Macros is needed for providing the programming ease of a procedure while avoiding the linkage.

Macros

Disadvantages of Procedure

1. Linkage associated with them.

 

2.  It sometimes requires more code to program the linkage than is needed to perform the task. If this is the case, a procedure may not save memory and execution time is considerably increased.

3. Macros is needed for providing the programming ease of a procedure while avoiding the linkage. Macro is a segment of code that needs to be written only once but whose basic structure can be caused to be repeated several times within a source module by placing a single statement at the point of each reference.

 

A macro is unlike a procedure in that the machine instructions are repeated each time the macro is referenced. Therefore, no memory is saved, but programming time is conserved (no linkage is required) and some degree of modularity is achieved. The code that is to be repeated is called the prototype code. The prototype code along with the statements for referencing and terminating is called the macro definition.

 

Once a macro is defined, it can be inserted at various points in the program by using macro calls. When a macro call is encountered by the assembler, the assembler replaces the

 

call with the macro code. Insertion of the macro code by the assembler for a macro call is referred to as a macro expansion. In order to allow the prototype code to be used in a variety of situations, macro definition and the prototype code can use dummy parameters which can be replaced by the actual parameters when the macro is expanded. During a macro expansion, the first actual parameter replaces the first dummy parameter in the prototype code, the second actual parameter replaces the second dummy parameter, and so on.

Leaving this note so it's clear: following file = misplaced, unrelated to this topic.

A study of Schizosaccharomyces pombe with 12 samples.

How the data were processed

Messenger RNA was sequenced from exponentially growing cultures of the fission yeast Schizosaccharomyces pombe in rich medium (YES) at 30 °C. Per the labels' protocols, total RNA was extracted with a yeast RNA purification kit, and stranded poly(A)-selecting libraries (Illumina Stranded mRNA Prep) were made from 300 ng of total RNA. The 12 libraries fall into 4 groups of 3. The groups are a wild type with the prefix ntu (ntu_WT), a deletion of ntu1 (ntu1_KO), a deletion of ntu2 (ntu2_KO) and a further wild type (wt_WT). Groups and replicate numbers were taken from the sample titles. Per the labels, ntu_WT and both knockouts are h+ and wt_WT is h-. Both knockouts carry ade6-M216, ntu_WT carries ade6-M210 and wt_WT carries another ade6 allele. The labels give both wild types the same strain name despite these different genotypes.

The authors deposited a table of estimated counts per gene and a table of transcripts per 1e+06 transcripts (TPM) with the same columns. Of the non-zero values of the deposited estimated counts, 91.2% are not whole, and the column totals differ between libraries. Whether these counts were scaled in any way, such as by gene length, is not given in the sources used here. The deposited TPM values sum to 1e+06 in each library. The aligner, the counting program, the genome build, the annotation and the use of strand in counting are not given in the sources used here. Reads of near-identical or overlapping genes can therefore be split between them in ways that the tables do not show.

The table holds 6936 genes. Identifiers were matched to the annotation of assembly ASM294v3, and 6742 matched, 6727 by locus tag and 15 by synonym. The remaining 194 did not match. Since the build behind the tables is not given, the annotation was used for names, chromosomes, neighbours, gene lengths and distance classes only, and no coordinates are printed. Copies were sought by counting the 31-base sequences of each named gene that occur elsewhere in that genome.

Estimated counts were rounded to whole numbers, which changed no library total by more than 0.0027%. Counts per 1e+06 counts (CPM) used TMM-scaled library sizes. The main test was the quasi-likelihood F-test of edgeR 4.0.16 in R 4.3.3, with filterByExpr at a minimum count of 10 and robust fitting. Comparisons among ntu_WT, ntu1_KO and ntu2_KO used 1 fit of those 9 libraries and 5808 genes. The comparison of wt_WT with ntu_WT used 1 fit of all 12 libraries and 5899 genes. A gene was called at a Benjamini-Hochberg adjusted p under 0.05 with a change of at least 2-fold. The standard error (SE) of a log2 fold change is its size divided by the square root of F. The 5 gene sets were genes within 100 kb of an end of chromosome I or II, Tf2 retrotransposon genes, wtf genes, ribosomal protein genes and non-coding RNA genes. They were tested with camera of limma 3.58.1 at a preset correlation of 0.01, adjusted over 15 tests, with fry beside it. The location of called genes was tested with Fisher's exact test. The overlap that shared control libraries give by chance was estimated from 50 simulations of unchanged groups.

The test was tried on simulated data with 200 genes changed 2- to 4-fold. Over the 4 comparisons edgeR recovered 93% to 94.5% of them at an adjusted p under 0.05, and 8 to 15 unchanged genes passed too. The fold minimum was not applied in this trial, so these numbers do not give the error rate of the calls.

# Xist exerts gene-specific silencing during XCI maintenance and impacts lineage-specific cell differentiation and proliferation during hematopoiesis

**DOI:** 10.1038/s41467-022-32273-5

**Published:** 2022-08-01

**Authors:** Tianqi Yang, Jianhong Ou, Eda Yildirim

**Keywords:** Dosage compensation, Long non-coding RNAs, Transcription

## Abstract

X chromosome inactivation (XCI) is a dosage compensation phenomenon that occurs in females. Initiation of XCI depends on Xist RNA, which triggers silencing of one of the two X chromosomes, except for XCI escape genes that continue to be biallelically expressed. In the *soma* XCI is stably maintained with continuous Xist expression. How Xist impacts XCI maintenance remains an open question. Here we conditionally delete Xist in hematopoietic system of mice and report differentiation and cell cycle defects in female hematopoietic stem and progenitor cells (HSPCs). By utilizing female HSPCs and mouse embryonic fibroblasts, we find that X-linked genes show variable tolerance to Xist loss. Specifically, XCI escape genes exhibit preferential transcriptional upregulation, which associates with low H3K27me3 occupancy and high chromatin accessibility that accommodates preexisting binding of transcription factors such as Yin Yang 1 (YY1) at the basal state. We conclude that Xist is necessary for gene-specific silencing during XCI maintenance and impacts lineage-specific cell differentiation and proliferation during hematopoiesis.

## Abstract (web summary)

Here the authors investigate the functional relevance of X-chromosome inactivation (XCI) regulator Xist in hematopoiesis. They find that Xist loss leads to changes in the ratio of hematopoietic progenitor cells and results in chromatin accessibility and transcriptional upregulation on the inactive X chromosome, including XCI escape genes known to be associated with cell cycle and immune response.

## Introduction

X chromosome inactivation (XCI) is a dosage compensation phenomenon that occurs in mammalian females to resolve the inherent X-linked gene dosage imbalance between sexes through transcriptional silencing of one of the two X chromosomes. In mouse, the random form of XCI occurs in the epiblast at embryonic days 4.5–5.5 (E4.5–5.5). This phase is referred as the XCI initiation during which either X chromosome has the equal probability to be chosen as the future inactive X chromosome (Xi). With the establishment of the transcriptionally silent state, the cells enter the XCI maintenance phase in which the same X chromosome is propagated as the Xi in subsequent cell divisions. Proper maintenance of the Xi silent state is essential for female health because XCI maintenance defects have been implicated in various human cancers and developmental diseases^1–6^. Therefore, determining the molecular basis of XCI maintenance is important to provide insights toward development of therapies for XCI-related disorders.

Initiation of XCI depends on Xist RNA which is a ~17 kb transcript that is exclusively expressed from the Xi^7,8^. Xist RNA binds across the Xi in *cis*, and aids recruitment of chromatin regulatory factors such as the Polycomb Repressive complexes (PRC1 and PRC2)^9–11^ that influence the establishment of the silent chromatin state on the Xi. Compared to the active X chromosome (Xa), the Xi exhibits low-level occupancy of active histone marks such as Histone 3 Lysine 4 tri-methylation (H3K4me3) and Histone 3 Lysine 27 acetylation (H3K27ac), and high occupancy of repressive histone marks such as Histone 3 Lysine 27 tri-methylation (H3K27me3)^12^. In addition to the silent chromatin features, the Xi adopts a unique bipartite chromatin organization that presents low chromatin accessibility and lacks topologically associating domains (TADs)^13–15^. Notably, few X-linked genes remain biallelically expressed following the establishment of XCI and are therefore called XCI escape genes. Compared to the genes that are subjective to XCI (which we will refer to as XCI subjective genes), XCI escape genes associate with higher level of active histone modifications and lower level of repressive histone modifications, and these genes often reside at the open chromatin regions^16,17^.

A macro call has the form

 

%Macro name (Actual parameter list) with the actual parameters being separated by commas.

 

%MULTIPLY (CX, VAR, XYZ[BX]

Local Labels

 

Consider a macro called ABSOL which makes use of labels. This macro is used to replace the operand by its absolute value.

 

%*DEFINE (ABSOL(OPER)) ( CMP %OPER, 0

 

JGE NEXT

NEG %OPER

%NEXT: NOP)

 

When the macro ABSOL is called for the first time, the label NEXT will appear in the program and, therefore it becomes defined. Any subsequent call will cause NEXT to be redefined. This will result in an error during assembly process because NEXT has been associated with more than one location. One solution to this problem would be to have NEXT replaced by a dummy parameter for the label. This would require the programmer to keep track of dummy parameters used.

 

One solution to this problem is the use of Local Labels. Local labels are special labels that will have suffixes that get incremented each time the macros are called. These suffixes are two digit numbers that gets incremented by one starting from zero. Labels can be declared as local label by attaching a prefix Local. Local List of Local labels at the end of first statement in the macro definition.